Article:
They always emerge on the threshold of a surface. Images are superficial, surfaces. What surface am I talking about? The fluid, ineffable, fleeting and wonderful surface of color. Scientists say that it is just between two figures, impassable and importable like the Pillars of Hercules of the visible. Where are thought images located? And what of those of dreams or memories? I fear my discourse is starting to become obscure: I am meditating on painting and color, which, if one thinks about it, is only another way to talk about light and presence.
At the end of the 1960s Robert Irwin spent six hours in an anechioc chamber, completely isolated from exterior influences, and afterwards remarked that the world appeared the same and yet completely different. Color seemed to emanate from things, investing them like a flow of energy. As if to say: the image occurs; color is an event. Painting is performance. This exhibition explores painting as performance. Figurative paintings, attentive to technique, materials and other traditional problems, are activated by an abstract, modulated light. Or, to consider it more simply: a light able to stimulate additional levels of sensation.
The images are neither simply on a wall nor merely in our heads. They do not exist for themselves, they occur. Whether we are speaking of a form in movement or a painting, this transmission always happens in time, through perception. If the images painting delivers to us are not static but dynamic events, colored of course, then in order to get a complete understanding of the matter we have to explore the way in which this transmission takes place, to extend the pictorial gesture to this space, to examine this place between the eye and the sun, between subject and object, physical and mental. This middle land is contained in a parenthesis of luminous frequencies, in the arc of a parenthesis of time, like in a liturgy. An event more than a thing, transmitted by and in light.
A philosopher in the past masterfully defined painting in its essentiality. Essentially, he said that the sensitive element within which painting moves is the surface, whereas the way in which it takes place is the particularization of colors. Its reign is appearance. This definition however takes for granted that color in painting, once applied to a surface, is stable, unchanging and unresponsive to the light conditions in which it occurs. But this is almost never the case, because when one speaks of colors one inevitably ends up speaking of light as well, understood as the source of every possible color. And here the question becomes more subtle and problematic.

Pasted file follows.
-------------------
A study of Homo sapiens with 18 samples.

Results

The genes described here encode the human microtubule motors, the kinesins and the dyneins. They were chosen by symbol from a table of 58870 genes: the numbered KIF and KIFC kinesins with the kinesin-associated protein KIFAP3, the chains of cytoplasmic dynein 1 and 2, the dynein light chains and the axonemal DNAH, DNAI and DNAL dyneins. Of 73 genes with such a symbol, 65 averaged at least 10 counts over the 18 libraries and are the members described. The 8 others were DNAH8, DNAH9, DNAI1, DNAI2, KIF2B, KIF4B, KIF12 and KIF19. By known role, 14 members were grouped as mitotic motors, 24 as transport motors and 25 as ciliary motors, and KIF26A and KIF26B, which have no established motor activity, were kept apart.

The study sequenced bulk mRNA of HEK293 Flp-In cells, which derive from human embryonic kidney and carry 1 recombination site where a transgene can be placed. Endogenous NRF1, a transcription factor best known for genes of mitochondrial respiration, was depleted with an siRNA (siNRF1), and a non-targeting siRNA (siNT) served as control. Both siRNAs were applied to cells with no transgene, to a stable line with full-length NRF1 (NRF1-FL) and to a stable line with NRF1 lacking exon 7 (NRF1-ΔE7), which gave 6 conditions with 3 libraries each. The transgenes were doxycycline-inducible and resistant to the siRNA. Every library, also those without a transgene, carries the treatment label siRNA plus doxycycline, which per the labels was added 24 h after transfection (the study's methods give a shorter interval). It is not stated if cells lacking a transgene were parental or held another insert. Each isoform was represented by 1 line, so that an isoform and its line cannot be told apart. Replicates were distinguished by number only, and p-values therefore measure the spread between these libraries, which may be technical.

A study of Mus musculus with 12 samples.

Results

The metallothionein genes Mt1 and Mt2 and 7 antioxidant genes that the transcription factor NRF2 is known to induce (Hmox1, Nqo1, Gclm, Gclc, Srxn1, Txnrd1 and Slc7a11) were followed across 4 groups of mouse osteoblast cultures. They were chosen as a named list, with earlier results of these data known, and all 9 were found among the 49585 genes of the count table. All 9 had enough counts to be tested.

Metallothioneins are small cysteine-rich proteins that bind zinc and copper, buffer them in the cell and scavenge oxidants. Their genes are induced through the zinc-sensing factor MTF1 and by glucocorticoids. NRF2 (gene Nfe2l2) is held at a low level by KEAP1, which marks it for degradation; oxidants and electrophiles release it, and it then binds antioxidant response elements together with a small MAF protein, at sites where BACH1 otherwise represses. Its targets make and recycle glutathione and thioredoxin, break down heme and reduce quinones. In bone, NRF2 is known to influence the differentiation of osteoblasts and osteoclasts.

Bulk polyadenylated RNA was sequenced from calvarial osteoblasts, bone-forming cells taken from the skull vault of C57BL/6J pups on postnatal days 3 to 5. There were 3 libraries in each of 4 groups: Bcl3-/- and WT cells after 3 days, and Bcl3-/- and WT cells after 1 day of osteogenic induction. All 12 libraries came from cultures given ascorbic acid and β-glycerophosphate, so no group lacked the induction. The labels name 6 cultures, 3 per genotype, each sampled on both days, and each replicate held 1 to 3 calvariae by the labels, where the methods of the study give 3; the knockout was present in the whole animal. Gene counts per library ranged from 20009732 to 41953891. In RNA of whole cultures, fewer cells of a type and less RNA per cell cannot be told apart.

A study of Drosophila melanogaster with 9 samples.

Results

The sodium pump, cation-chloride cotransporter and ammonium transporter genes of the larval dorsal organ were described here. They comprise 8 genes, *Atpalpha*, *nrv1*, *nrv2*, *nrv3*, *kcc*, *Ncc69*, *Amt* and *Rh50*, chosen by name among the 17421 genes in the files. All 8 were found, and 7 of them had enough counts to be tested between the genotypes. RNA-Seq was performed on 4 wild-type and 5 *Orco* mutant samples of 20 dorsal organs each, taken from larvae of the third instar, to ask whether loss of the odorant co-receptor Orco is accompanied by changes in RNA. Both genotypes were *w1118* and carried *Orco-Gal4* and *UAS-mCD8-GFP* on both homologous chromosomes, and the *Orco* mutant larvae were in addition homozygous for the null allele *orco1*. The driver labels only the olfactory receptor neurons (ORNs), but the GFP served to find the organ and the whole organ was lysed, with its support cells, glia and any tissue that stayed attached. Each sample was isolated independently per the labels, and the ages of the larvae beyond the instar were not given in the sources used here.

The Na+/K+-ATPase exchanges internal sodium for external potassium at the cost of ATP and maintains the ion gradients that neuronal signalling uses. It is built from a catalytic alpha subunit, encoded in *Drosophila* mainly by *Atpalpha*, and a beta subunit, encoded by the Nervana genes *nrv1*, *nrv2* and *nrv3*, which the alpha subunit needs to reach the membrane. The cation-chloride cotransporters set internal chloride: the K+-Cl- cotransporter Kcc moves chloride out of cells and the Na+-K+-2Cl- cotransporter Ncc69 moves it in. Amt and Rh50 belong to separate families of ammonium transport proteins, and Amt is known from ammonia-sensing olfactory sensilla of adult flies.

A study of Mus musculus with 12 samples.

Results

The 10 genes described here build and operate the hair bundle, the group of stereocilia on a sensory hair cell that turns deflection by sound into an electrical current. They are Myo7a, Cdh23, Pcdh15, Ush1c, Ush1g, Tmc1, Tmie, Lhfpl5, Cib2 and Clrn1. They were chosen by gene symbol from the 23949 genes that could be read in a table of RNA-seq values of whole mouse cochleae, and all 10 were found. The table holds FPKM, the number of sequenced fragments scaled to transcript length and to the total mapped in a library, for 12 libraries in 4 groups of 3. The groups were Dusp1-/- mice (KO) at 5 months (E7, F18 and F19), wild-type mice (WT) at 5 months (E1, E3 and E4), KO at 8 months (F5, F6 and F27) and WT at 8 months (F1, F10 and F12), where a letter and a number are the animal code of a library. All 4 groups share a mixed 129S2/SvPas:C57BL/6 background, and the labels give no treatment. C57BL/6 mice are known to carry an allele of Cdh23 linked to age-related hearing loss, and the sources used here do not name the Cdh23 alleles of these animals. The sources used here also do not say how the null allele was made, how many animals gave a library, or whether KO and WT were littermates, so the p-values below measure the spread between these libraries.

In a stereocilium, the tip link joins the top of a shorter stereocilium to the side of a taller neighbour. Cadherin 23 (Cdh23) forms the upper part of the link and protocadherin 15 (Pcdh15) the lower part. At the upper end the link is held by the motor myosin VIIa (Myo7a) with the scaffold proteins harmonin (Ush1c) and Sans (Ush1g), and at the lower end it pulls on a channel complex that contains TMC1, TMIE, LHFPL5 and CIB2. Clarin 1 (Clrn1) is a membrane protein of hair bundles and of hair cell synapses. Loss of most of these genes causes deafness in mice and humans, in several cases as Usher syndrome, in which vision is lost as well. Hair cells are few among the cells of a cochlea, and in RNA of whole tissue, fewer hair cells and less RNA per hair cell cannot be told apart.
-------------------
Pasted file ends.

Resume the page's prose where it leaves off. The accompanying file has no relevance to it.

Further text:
Color is not an easy subject to talk about. Objective color does not exist; it is always perceived, never truly seen. Language has always given up its attempts to define it. Or rather, it has attempted in a thousand different ways, and with a thousand and more different names tried to label it, and thus has finally ended up shattering it into a thousand different pieces, imprisoning it. Colors do not exist. It is better to look at color directly. Paying attention to it means paying attention to the limits of language that are crossed over by contemplation. Plotinus explained well that color is without parts, it is a fluid continuum that emanates, reflects, expands, changes, emerges, mixes but does not fragment.
It is impossible to say where a blue ends and a violet begins. In order to capture it they have even tried subjugating it to the discipline of geometry, trying to fit into a circle, a cube or a curve. Color became colors. And as if that were not enough, color was furthermore regulated to being a secondary property of things, in turn composed of smaller elements (perhaps other colors) and so on ad infinitum. But here we lose ourselves in subtleties. In reality color does not hide the world of object, but opens it up, it transforms it into phenomenon. As Merleau Ponty said, it is the introduction to things. But perhaps it was a painter who best expressed this awareness: Paul Cézanne, when he defined color as the place in which the universe and man meet. But I have said enough.